Jeb Bush spoke the other day, as he has before, of taking inspiration from his favorite governor, LeRoy Collins, whose racial moderation sharply distinguished Florida from most other Southern states during the late 1950s. Though some state Democrats may resent a Republican appropriating the image of their party's greatest hero, Collins' statesmanship transcended politics. No one's moral compass could be set by a brighter star, so Bush offers a good example to others in taking Collins as a role model for himself.
It bears remembering, however, that Collins strode ahead of public opinion not only with respect to racial issues per se, but also in regard to the death penalty. He opposed it as governor, as a member of two state commissions two decades later, as a private citizen, and finally as a columnist for this newspaper, in which he described capital punishment as "Florida's gutter of shame."
Collins would be heartsick to know that Floridians will vote this year on a constitutional amendment, proposed by the Legislature, that undertakes not to abolish execution but to ratify it for all time as an "authorized punishment."
One doesn't have to believe, as Collins did, that taking life is inherently "unworthy of the state" to share the moral conviction of his objections to how capital punishment is practiced. As he expressed them to the Constitution Revision Commission in 1977, the execution of one criminal has never been proved to be a deterrent to another. Its application "is freakish, and its victims are almost always the mentally disturbed, the weak, and the poor who suffer grossly unequal application of the law. . . . Conviction of the innocent can and does occur, and death makes a miscarriage of justice irrevocable."
Time and events have proved him right.
More than 20 people who had been sent to Florida's death row have been released because subsequent evidence proved them to be wrongfully convicted if not probably innocent. Moreover, former Chief Justice Gerald Kogan has expressed a belief that at least three innocent people were actually put to death.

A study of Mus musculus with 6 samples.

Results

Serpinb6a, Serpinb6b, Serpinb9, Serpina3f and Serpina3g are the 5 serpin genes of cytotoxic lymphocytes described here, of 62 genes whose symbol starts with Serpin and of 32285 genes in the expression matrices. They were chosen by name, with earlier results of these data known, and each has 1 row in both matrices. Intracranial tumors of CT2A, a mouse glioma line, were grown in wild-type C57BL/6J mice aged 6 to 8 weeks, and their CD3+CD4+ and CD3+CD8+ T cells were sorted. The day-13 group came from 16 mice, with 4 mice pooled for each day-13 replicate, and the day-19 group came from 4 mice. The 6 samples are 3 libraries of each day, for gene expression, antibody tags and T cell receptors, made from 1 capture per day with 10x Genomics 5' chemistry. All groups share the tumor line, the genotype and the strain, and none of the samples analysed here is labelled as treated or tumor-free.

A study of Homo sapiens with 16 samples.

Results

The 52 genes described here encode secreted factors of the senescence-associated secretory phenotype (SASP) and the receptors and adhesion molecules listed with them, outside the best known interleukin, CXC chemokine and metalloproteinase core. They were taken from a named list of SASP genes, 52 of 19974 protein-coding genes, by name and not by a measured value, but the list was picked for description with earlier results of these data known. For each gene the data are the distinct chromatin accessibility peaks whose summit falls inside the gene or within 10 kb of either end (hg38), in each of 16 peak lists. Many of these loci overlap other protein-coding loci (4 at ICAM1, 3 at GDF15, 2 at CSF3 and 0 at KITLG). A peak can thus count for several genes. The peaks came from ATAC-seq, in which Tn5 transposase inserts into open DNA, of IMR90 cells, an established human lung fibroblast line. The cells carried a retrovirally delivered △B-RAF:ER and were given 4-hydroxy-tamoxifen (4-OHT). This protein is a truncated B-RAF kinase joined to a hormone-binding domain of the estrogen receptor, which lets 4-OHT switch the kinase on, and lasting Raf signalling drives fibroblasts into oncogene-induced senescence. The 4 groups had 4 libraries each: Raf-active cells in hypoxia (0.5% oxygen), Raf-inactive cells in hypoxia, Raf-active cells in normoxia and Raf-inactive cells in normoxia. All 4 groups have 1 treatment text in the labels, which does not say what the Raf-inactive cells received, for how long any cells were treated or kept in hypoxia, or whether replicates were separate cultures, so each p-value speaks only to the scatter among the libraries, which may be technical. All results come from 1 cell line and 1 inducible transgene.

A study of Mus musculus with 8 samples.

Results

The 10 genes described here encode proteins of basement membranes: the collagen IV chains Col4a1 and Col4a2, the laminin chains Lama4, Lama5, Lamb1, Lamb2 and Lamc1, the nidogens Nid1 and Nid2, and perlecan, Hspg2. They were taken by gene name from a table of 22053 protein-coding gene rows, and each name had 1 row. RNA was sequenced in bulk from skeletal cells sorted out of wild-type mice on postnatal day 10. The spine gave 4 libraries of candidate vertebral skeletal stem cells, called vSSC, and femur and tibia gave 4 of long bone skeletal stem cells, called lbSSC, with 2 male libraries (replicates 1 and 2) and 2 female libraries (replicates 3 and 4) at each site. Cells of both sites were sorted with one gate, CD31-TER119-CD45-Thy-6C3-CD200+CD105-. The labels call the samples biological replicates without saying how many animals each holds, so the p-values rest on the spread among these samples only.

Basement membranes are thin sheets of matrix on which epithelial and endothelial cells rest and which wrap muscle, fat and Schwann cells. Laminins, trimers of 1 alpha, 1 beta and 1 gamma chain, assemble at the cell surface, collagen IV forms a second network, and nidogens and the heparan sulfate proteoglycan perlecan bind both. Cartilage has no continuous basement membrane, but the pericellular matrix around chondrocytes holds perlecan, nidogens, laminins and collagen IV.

Solid research has verified that race skews outcomes to a shocking degree. A 1991 study by professors Michael L. Radelet and Glenn L. Pierce established that Florida murders with white victims are almost six times more likely to result in a death penalty than in those with black victims. A black defendant accused of killing a white was 15 times more likely to be sentenced to death than if the victim had been black.
Regrettably, these indictments have not done much to capture Florida's collective conscience. The Florida Supreme Court recently gave the state the benefit of procedural technicalities in a case in which the suppressed evidence of the defendant's innocence seemed strong. The court remains indifferent to the evidence of racial bias, which it rationalizes as an unintended result.
One progressive step was taken last year when the Legislature, with the governor's support, voted to prohibit execution of the mentally retarded. But there has been no corresponding enlightenment with respect to the mentally ill.
The Legislature insists on understaffing the legal offices that represent the condemned and refuses to recognize the many correctable ways in which justice can still miscarry.
The death penalty does not have to be repealed in order to be reformed, but it does have to be reformed if Florida is to stop wasting time, money and, worst of all, lives on what has become little more than a symbolic ritual.
For gubernatorial leadership on this issue, Floridians have had to look elsewhere: To Illinois, where Gov. George Ryan imposed a moratorium on executions and appointed a commission that recently recommended 85 substantial reforms. To Maryland, where Gov. Parris Glendening -- an alumnus of Florida State University -- earlier this month halted all executions pending completion and legislative review of a racial bias study already in progress.
Lately, Bush has withheld death warrants also, but only because the U.S. Supreme Court had stayed several pending its decision in an Arizona case that calls Florida's law into question.
The issue: Should a judge rather than a jury decide whether the facts of a case justify the death penalty? The result could conceivably leave Florida without a functioning death penalty, though that does not seem likely. In either case, Bush must already be thinking about what his response should be.
Perhaps he is asking himself what LeRoy Collins would do. But of course he knows.